AUDIE CORNISH, HOST:
From NPR News, this is ALL THINGS CONSIDERED. I'm Audie Cornish.
MELISSA BLOCK, HOST:
And I'm Melissa Block. If you're a novelist - even one with a devoted fan base - it can be risky to publish only once a decade or so. Those who loved your first book can easily move on, outgrow you, and forget about your work. Well, testing the bounds of that loyalty this week is author Donna Tartt. Many readers loved her 1992 book, "The Secret History," and they've been anxiously waiting for Tartt to impress them again. Well, tomorrow, Tartt's epic new novel, "The Goldfinch," hits the shelves. Meg Wolitzer has this review.
MEG WOLITZER, BYLINE: The obvious question is this: Would "The Goldfinch" be as good as "The Secret History"? Donna Tartt did write one other book in between, that was pretty widely described as a letdown. So fingers crossed for this one.
And here's the answer: The book is good, really good. It's almost 800 pages, and I wish I could have lived in its world for even longer. It tells the story of Theo Decker, whose mother is killed in a terrorist act early in the novel. In the chaos, Theo ends up stealing "The Goldfinch," a famous painting by a Dutch master. It's the setup for the sweeping, epic story that follows.
Multiple reviewers have compared this book to Oliver Twist, and that makes sense to me. But when I started it, I was reminded more of Harry Potter - who, in fact, Theo is compared to later in the book. The plot is often outsized and improbable, and Theo, who's 13, is a lot like Harry. Both are gifted and tender-hearted, and terribly unsupervised.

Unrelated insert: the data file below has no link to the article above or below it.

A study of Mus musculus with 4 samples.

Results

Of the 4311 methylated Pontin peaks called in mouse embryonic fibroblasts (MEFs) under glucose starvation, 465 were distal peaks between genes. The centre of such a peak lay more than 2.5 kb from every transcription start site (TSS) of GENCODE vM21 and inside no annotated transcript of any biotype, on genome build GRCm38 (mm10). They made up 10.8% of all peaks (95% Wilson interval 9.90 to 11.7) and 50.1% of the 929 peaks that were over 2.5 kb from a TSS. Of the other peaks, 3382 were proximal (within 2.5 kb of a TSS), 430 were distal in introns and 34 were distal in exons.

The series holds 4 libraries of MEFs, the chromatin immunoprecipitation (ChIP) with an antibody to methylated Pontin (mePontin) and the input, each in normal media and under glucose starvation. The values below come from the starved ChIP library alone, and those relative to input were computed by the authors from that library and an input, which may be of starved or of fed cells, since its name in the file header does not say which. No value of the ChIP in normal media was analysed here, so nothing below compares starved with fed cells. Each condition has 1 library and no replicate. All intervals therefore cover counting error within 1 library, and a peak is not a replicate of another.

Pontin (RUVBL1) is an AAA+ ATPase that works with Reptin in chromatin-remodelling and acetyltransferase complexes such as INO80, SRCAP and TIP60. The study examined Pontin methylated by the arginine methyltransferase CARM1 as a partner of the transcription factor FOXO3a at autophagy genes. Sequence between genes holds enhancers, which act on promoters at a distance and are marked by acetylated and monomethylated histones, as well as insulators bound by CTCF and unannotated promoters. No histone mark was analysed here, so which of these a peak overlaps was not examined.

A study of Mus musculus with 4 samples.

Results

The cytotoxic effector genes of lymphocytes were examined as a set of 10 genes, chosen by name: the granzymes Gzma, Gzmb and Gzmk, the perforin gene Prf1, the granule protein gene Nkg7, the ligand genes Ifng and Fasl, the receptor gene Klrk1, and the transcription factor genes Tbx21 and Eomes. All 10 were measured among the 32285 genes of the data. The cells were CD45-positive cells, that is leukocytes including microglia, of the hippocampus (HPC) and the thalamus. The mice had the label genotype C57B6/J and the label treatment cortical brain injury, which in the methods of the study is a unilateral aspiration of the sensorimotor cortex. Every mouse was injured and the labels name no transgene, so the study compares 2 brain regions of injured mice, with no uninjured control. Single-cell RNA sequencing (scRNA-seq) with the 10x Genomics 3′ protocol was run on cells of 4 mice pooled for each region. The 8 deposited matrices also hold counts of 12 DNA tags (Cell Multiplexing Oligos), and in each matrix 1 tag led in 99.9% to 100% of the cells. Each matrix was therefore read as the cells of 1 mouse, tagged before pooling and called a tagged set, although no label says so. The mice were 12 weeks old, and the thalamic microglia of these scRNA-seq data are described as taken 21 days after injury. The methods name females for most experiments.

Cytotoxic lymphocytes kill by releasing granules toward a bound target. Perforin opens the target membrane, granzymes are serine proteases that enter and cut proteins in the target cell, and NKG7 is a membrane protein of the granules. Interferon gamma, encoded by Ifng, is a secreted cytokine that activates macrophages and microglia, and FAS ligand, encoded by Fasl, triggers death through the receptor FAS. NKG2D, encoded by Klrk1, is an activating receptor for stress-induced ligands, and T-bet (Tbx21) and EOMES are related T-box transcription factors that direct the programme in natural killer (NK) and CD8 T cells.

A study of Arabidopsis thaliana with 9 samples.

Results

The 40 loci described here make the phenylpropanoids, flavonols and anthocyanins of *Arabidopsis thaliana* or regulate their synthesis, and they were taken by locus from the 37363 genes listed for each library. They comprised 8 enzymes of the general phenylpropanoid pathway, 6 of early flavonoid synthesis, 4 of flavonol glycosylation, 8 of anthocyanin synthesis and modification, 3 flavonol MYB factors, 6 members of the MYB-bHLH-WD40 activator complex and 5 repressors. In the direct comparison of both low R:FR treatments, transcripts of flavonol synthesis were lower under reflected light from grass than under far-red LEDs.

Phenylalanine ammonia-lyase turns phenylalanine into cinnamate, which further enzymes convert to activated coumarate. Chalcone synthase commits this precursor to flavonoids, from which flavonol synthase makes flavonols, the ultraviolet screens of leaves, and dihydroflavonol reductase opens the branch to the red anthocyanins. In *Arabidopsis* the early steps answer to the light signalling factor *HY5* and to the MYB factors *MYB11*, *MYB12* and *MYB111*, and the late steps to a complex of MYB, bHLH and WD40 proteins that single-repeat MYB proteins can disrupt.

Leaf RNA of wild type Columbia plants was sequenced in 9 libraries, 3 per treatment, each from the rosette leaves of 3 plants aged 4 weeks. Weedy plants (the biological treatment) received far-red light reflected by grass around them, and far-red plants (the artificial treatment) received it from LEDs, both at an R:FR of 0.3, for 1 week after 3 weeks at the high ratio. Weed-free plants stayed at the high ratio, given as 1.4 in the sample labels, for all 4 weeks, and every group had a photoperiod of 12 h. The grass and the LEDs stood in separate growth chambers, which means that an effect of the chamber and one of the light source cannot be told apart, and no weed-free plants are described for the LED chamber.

Eventually, Theo is forced to leave New York and go live with his deadbeat dad and his pill-popping girlfriend, Xandra, in a horrible development in Las Vegas. The only good thing about this is his new best friend. Boris is a great character, a kid with a Ukrainian passport and a multinational history who's a victim of appalling parental neglect. He keeps lists of words he doesn't understand; words like wise guy, propinquity, and dereliction of duty.
The book feels like a series of set pieces, moving the story from the suspenseful opening to the rich, leisurely middle and eventually to the action-packed conclusion, which is set in Amsterdam. That part - weirdly - feels like it was grafted on from a different novel, with secret meetings and gunshots.
The day "The Goldfinch" arrived at my house, I quickly cracked it open, remembering how my sons would pounce on the latest "Harry Potter" on the day it was published. Those books transformed a generation of kids into passionate readers, and this book does something similar. It takes fully grown readers, and reminds them of the particularly deep pleasures of a long, winding novel. In the short-form era in which we live, it's good to know that sometimes, more is definitely more.
BLOCK: The novel is "The Goldfinch," by Donna Tartt. It was reviewed by writer Meg Wolitzer, whose latest book is "The Interestings."